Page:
The Warren Report, commissioned earlier this month to find out whether people’s attitudes towards marriage had changed over the recession, has closed today after concluding its research in “record-breaking time”.
It transpires that people were flocking literally in their thousands to complain to Angela Smirston (head of the Warren Report) that looking at wedding photos “was less attractive than death”, and that in many cases they had feigned heart attacks to get out of it.
Ms Smirston said that “The rate at which people responded to our survey on changing attitudes to marriage is astonishing. Not only did our scheduled participants respond in record-breaking time, but people were actively phoning us up to complain.
They really wanted to get the news out: ‘looking at people being happy is boring’”.
Ms Smirston believes that this negative attitude to looking at people’s wedding photos – epitomised by one interviewee’s tale of leaping out of a tower block window – can be seen as a part of a general feeling about weddings as a whole.
“A lot of people can’t stand the thought of other people being happy. It’s in our human nature to wish ill upon others, and be annoyed when good things happen. Now weddings are very public examples of a.) two people being happy (at least temporarily), and b.) two people continuing their genetic line into another generation. This speaks to the human race on a very primal level, and in many people can elicit responses of jealousy, rage, and aggressive thoughts of revenge.
Now, to be forced to sit and look at photographs of such an event – it’s no wonder that people feel urged to run away or feign illness. It’s just a natural human reaction.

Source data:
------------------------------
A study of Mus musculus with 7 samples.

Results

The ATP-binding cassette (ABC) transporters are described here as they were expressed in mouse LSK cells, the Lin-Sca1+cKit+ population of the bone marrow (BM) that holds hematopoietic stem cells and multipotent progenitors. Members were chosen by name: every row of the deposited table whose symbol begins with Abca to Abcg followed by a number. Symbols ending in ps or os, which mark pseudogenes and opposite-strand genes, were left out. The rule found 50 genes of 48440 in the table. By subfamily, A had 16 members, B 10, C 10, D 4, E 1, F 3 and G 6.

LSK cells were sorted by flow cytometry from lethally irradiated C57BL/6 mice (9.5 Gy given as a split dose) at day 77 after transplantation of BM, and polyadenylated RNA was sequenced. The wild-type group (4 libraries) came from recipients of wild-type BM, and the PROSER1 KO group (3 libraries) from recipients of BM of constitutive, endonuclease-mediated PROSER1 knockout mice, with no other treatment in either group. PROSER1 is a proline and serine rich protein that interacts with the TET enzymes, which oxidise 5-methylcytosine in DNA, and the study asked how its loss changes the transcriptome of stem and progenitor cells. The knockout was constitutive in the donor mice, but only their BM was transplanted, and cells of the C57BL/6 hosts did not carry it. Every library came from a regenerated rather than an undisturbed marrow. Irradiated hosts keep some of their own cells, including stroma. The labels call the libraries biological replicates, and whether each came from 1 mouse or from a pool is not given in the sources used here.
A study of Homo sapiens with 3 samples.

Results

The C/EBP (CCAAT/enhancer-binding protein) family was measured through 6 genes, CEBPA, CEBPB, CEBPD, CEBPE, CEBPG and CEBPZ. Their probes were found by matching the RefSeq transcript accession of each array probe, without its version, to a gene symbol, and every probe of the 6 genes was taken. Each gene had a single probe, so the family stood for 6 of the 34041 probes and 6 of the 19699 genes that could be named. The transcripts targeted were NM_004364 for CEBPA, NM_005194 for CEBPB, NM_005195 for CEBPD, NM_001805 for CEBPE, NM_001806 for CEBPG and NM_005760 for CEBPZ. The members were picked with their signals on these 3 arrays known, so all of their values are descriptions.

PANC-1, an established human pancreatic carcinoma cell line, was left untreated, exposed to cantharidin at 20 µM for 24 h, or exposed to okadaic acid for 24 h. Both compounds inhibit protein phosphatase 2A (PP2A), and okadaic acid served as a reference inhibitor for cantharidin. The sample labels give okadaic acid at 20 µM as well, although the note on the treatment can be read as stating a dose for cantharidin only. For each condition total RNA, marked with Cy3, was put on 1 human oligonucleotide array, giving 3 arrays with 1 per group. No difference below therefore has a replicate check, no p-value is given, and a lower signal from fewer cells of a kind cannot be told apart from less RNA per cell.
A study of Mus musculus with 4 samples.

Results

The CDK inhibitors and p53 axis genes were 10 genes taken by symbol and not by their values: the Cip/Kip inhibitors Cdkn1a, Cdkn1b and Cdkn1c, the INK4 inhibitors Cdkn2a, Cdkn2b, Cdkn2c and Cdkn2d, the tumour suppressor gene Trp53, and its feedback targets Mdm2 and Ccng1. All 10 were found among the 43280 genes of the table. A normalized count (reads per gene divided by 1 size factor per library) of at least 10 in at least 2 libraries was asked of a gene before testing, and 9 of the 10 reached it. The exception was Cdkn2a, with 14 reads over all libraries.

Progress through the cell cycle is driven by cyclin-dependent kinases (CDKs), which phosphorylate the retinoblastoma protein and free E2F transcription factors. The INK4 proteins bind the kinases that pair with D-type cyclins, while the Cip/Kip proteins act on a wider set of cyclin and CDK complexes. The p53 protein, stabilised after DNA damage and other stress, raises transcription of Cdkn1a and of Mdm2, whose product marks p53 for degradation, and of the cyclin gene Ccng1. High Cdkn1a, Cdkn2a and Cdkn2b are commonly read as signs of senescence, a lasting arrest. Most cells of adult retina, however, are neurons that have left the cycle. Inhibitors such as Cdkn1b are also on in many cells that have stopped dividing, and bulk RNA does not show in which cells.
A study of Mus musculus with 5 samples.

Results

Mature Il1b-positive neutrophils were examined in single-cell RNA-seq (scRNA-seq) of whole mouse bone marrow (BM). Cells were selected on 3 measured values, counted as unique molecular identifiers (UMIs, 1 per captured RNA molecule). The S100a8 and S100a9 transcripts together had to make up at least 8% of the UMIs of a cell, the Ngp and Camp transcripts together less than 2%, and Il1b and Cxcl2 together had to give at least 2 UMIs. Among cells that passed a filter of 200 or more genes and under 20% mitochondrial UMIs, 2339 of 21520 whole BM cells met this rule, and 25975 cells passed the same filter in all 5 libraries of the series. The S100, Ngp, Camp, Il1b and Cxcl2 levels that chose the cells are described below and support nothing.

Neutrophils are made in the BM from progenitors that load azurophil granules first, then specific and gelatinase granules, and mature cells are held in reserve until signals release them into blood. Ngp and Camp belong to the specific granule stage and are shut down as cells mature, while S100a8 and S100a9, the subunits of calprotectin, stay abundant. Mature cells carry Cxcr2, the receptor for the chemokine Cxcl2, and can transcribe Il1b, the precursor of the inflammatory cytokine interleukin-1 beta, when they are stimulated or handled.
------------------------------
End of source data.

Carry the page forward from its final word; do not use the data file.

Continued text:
Plus, looking at other people’s wedding photos is the most boring thing ever and I too would personally rather be ripped limb from limb than see another ‘beaming bride’”.
Of the many stories people told about how they tried to get out of seeing people’s wedding photos, one in particular offers a prime example of how far people will go to avoid looking at documented human happiness: Mr Johnson, his wife, and her mother were trapped looking at their neighbours’ wedding photos. Seeing such bridal radiance and genuine happiness struck a sour chord with the Johnsons, who had been married 20 years, and so in an effort to get out of the situation Mrs Johnson went to the kitchen, grabbed a jar of peanuts, and forced them down her mother’s throat. Her mother, being severely allergic to peanuts, had to be rushed to the hospital where she later died. Mrs Johnson, however, assured the Warren Report that “it was worth it”.
The Warren Report will be consulted by a Parliamentary Group set up to discuss the future of marriage. It is expected that the Group will lobby for a law to ban all photographs of weddings, and possibly all photographs of people having fun, being happy, or looking “rosy-cheeked” in the slightest.